Four Paintings of the Crucifixion, #1

The Isenheim Altar

This year for Holy Week, I want to share with you four of my favorite paintings of Christ’s crucifixion. It is my hope that as you meditate on these paintings you will come to a deeper understanding of and faith in Jesus.

The Isenheim Altar – Matthias Grünewald, 1515

Scripture: Isaiah 53: 2-4
He had no form or majesty that we should look at him, and no beauty that we should desire him. He was despised and rejected by men; a man of sorrows, and acquainted with grief; and as one from whom men hide their faces he was despised, and we esteemed him not. Surely he has borne our griefs and carried our sorrows; yet we esteemed him stricken, smitten by God, and afflicted. The following commentary comes from the Web Galary of Art.

Background. The following commentary comes from the Web Galary of Art.

“Like a preacher at Passiontide, Grünewald left nothing undone to bring home to us the horrors of this scene of suffering: Christ’s dying body is distorted by the torture of the cross; the thorns of the scourges stick in the festering wounds which cover the whole figure. The dark red blood forms a glaring contrast to the sickly green of the flesh. By His features and the impressive gesture of His hands, the Man of Sorrows speaks to us of the meaning of His Calvary.

“His suffering is reflected in the traditional group of Mary, in the garb of a widow, fainting in the arms of St John the Evangelist, to whose care the Lord has commended her, and in the smaller figure of St Mary Magdalene with her vessel of ointments, wringing her hands in sorrow. On the other side of the Cross, there stands the powerful figure of St John the Baptist with the ancient symbol of the lamb carrying the cross and pouring out its blood into the chalice of the Holy Communion. With a stern and commanding gesture he points towards the Saviour, and over him are written the words that he speaks (according to the gospel of St John iii. 30): ‘He must increase, but I must decrease.’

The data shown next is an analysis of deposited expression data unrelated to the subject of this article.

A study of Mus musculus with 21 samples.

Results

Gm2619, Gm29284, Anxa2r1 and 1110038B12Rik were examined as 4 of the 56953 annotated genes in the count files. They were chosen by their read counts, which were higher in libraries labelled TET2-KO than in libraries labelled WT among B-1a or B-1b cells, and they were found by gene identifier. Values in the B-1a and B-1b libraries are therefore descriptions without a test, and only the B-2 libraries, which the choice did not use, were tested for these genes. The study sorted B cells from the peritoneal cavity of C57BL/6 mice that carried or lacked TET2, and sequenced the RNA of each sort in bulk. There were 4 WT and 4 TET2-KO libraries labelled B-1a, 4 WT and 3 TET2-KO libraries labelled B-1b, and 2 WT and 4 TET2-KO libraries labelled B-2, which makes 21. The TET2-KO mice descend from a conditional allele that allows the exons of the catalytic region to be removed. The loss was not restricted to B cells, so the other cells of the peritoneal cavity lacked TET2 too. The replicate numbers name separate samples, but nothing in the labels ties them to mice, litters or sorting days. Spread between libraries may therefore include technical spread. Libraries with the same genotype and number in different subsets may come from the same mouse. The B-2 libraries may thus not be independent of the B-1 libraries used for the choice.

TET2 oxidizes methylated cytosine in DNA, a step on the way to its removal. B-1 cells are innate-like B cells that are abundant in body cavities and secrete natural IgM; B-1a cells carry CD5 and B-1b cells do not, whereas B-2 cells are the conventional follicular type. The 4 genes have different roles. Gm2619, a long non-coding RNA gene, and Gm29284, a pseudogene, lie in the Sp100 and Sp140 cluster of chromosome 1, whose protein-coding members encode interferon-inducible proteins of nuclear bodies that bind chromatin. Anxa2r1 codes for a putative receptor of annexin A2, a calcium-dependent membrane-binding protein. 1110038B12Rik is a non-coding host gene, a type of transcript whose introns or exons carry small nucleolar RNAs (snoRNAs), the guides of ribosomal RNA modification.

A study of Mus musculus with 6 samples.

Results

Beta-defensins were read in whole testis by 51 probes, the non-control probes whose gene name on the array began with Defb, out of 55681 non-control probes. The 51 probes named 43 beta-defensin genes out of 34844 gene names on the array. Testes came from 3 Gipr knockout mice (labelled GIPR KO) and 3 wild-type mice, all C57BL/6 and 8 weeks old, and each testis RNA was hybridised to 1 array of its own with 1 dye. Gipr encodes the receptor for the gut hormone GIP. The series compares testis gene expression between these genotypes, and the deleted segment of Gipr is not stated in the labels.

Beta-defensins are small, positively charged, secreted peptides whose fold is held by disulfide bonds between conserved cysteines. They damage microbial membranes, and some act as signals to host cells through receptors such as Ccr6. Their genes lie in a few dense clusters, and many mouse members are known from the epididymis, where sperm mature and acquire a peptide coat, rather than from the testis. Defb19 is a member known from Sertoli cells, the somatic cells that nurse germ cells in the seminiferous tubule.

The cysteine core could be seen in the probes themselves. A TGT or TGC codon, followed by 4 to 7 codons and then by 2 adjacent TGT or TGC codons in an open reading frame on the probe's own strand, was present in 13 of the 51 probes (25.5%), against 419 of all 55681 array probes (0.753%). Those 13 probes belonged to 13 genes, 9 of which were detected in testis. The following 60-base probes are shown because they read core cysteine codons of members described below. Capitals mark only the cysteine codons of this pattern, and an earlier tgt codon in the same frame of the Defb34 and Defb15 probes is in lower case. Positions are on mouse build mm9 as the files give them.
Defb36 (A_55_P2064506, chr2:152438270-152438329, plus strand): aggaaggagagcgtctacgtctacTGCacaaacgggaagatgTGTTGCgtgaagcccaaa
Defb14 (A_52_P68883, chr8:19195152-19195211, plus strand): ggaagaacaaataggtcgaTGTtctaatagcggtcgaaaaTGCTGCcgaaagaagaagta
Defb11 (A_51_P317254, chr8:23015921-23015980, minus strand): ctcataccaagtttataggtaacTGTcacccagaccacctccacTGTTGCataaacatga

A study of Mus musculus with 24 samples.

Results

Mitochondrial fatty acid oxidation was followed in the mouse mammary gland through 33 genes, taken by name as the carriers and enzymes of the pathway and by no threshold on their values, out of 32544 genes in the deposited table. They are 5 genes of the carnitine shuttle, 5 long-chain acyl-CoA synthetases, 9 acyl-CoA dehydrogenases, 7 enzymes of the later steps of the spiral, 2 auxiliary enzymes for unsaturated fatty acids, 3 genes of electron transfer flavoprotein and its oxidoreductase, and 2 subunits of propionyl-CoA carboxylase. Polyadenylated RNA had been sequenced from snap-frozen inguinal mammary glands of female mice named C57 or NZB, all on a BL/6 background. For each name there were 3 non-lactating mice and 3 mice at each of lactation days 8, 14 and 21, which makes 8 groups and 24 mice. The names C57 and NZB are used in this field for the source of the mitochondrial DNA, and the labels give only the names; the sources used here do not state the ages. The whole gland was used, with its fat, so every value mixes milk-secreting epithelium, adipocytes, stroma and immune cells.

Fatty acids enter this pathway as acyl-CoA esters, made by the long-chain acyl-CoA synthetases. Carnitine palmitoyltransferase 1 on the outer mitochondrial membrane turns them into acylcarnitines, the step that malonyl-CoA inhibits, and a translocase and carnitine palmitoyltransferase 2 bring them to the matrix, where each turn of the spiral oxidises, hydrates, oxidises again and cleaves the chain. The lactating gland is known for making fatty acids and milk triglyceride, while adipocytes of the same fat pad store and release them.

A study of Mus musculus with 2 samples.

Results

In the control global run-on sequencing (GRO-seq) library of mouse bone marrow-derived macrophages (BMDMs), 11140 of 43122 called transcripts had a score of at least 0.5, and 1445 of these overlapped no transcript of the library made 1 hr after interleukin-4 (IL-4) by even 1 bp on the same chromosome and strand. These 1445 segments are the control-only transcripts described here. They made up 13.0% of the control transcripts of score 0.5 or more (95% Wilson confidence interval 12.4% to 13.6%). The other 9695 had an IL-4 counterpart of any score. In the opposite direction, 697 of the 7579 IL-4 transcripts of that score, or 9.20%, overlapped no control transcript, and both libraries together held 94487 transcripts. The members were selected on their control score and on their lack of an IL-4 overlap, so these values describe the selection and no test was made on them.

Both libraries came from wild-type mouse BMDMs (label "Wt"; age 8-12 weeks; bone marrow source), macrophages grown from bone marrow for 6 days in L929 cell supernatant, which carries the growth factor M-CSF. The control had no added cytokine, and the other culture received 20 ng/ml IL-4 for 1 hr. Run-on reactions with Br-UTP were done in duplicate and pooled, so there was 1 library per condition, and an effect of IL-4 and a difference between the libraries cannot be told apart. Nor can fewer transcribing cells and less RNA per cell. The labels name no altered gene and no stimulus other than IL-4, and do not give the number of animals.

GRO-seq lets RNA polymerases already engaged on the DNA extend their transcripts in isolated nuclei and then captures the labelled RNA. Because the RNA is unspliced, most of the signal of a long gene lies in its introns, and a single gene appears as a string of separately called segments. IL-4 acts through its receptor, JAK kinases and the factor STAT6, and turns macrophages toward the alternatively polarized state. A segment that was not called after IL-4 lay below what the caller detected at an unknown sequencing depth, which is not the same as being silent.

“There is little doubt that the artist wanted the beholder of the altar to meditate on these words, which he emphasized so strongly by the pointing hand of St John the Baptist. Perhaps he even wanted us to see how Christ must grow and we diminish. For in this picture, in which reality seems to be depicted in all its unmitigated horror, there is one unreal and fantastic trait: the figures differ greatly in size. It is clear that in these matters Grünewald rejected the rules of modern art as it had developed since the Renaissance, and that he deliberately returned to the principles of medieval and primitive painters, who varied the size of their figures according to their importance in the picture.” (from Web Gallery of Art, “Commentary on the Isenheim Altarpiece”, )

Grünewald painted this piece for a hospital treating patients with the “St. Anthony’s Fire,” a disease caused by a fungus in rye that caused great pain, disfigurement and manic psychosis. The scabrous wounds on Jesus’ arms, legs and torso may suggest the wounds from St. Anthony’s Fire. Perhaps the patients took comfort that this Jesus knew what their suffering was like. I cannot look at his painting without being reminded of the scripture quoted at the beginning of this post.